Among the many changes under New York corporate tax reform is the exclusion from tax of a corporation’s investment income and the creation of a new category of “other exempt income.” A related change is that nonbusiness expenses are now fully attributable to a corporation’s business income (and thus fully deductible), leaving only interest expense to be attributed to nontaxable investment income and other exempt income. The New York State Department of Taxation and Finance has now released important guidance through a Technical Memorandum on how taxpayers should directly and indirectly attribute interest deductions, as well as how taxpayers may claim the new “safe harbor” election in lieu of such interest expense attribution for tax years beginning after 2014. Technical Memorandum, “Direct and Indirect Attribution of Interest Deductions for Article 9-A Taxpayers,” TSB-M-15(8)C, (7)I, (N.Y.S. Dep’t of Taxation & Fin., Dec. 31, 2015). 

Prior to corporate tax reform, one of the more contentious – and unpredictable – audit adjustments under Article 9-A was the direct and indirect attribution of interest expense deductions (and sometimes non-interest deductions) to subsidiary and investment capital. This often resulted in substantial tax deficiencies resulting from the expense disallowance. Although under corporate tax reform the exclusion for income from subsidiary capital has been eliminated, and the definition of investment income has been scaled back significantly, the new law does provide a more taxpayer-friendly expense attribution methodology. 

A corporate taxpayer or New York combined group with interest expenses now has two options. First, it can directly and indirectly (by formula) attribute a portion of its interest expenses to investment income and other exempt income and add back the resulting attributed interest expense. Alternatively, a taxpayer can now make a “safe harbor” election to reduce its gross investment income and other exempt income by 40% in lieu of any direct and indirect interest expense attribution. Since investment income and other exempt income are subtracted from entire net income in computing a corporation’s business income, the election will typically result in increased business income. However, by making the election the taxpayer will not be subject to any interest expense attribution adjustments on audit by the Department. Moreover, the taxpayer may claim or revoke the election at any time within the statute of limitations period. The Department cannot revoke the election.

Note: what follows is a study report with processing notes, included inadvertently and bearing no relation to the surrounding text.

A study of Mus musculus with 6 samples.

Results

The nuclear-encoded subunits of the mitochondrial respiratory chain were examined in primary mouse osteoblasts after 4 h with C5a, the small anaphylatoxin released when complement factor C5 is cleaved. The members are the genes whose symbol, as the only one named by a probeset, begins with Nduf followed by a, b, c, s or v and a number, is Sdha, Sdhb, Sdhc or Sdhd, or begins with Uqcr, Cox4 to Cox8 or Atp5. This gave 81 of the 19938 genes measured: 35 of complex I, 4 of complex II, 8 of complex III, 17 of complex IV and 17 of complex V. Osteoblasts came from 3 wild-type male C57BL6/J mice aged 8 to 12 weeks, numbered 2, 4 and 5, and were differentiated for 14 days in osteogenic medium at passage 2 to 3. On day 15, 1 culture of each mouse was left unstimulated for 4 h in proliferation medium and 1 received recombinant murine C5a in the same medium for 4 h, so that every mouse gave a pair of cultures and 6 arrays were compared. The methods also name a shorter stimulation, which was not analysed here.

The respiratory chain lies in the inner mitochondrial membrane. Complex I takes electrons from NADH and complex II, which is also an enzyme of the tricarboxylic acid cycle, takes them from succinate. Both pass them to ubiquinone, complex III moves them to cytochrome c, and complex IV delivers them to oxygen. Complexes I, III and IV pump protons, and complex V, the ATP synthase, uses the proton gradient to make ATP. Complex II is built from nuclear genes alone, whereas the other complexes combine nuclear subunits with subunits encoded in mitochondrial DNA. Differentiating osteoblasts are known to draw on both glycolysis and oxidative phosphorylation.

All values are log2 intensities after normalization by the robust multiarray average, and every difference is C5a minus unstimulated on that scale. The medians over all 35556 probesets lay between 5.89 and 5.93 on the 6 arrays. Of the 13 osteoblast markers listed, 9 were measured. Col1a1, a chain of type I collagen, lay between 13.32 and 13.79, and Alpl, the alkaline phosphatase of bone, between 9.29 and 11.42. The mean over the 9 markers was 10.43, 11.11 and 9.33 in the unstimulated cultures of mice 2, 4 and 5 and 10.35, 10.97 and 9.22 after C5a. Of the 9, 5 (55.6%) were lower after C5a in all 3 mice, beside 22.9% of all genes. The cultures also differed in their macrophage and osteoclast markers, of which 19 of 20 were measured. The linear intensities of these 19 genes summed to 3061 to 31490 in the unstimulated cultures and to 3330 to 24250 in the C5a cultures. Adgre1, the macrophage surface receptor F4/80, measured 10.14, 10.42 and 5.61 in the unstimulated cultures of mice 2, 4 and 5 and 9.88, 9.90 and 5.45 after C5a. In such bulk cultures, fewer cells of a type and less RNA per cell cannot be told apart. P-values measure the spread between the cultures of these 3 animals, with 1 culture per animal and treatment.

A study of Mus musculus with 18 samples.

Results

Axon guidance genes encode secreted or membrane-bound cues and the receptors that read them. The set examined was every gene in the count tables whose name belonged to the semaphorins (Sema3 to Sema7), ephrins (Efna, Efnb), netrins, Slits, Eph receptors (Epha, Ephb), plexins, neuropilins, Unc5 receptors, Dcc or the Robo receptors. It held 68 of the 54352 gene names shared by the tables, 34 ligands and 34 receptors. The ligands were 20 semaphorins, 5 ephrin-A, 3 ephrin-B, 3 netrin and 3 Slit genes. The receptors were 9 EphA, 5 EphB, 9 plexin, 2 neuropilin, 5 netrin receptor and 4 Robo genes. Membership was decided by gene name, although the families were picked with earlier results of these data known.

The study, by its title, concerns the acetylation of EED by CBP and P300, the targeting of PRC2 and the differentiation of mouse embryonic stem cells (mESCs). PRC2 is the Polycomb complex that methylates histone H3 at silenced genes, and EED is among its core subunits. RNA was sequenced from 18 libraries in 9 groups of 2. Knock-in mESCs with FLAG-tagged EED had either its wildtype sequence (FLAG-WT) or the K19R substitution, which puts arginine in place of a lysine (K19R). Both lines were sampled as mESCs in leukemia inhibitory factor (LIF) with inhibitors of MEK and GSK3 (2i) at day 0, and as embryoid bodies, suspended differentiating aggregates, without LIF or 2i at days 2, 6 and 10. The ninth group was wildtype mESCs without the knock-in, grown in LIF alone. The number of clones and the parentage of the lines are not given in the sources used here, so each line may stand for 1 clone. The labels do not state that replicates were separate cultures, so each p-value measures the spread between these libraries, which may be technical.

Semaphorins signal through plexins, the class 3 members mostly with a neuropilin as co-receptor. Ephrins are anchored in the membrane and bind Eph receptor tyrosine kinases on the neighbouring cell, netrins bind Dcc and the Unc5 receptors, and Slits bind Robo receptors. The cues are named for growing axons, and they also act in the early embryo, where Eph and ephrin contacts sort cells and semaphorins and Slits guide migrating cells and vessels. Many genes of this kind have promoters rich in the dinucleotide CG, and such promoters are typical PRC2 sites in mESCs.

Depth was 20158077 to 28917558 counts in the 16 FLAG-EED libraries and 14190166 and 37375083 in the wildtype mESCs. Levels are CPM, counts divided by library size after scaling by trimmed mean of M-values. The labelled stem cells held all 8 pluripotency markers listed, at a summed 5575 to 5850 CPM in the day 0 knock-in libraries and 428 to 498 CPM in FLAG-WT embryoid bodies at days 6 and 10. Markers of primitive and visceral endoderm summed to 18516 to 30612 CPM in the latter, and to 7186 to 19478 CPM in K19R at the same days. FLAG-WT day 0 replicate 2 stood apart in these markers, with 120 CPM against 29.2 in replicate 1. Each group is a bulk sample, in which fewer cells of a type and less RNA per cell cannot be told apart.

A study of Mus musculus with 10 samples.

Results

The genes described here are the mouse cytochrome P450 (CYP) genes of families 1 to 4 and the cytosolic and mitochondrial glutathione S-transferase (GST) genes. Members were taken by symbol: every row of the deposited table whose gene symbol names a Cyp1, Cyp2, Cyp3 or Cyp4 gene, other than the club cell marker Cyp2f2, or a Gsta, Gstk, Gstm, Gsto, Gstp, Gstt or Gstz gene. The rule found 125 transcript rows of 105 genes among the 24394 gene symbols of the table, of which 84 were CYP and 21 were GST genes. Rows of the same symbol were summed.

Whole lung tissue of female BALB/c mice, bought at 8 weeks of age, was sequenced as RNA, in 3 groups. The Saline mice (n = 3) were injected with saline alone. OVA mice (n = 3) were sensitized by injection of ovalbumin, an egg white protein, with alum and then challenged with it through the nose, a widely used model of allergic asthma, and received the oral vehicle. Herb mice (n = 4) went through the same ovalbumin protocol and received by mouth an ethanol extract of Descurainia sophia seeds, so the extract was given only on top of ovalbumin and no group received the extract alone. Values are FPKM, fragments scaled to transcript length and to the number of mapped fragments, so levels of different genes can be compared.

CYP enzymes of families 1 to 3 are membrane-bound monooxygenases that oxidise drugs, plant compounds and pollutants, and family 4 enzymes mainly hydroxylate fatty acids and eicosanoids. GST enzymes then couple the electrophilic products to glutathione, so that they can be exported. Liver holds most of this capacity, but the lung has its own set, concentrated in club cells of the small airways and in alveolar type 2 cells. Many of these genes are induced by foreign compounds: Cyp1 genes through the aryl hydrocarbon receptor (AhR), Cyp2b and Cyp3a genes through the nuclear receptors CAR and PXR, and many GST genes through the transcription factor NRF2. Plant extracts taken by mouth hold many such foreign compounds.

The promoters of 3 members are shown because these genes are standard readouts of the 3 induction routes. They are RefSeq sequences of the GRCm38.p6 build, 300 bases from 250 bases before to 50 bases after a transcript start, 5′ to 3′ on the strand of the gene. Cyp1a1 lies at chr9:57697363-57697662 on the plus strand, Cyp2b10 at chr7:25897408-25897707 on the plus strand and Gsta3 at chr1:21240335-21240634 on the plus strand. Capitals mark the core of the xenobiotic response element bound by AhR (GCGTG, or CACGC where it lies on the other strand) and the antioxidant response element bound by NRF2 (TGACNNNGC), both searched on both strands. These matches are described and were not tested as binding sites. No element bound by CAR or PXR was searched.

The new Technical Memorandum sets out a three step process for interest expense attribution. This involves (i) determining the total amount of interest expense subject to attribution; (ii) then determining the portion of interest expenses that are directly attributable to such nontaxable income (for example, interest incurred to purchase or carry investment capital); and, finally, (iii) indirectly attributing the amount of such interest expense (not otherwise directly traced in step (ii) above) to investment income and other exempt income using an asset-based formula. The detailed mechanics of the three-step process are set out in the Technical Memorandum.

[A] taxpayer can now make a “safe harbor” election to reduce its gross investment income and other exempt income by 40% in lieu of any direct and indirect interest expense attribution.

In lieu of being subject to such expense attribution, a taxpayer may instead make the annual election on Form CT-3.1 to reduce its investment income and other exempt income by 40%. The election can be made by a taxpayer or New York combined group member that reports no investment capital or other exempt income. The election applies to the taxpayer and all members of its New York combined group. 

Those familiar with the Department’s pre-2015 interest expense attribution policy will find that the mechanics of the new direct and indirect attribution are not meaningfully different. However, the availability of the “safe harbor” election in lieu of attribution is completely new, and offers muchneeded certainty to taxpayers. Since the election is fully revocable by the taxpayer, and can be claimed even if the taxpayer reports no investment capital, it is expected that some corporations will make the election preemptively as protection against expense attribution on audit.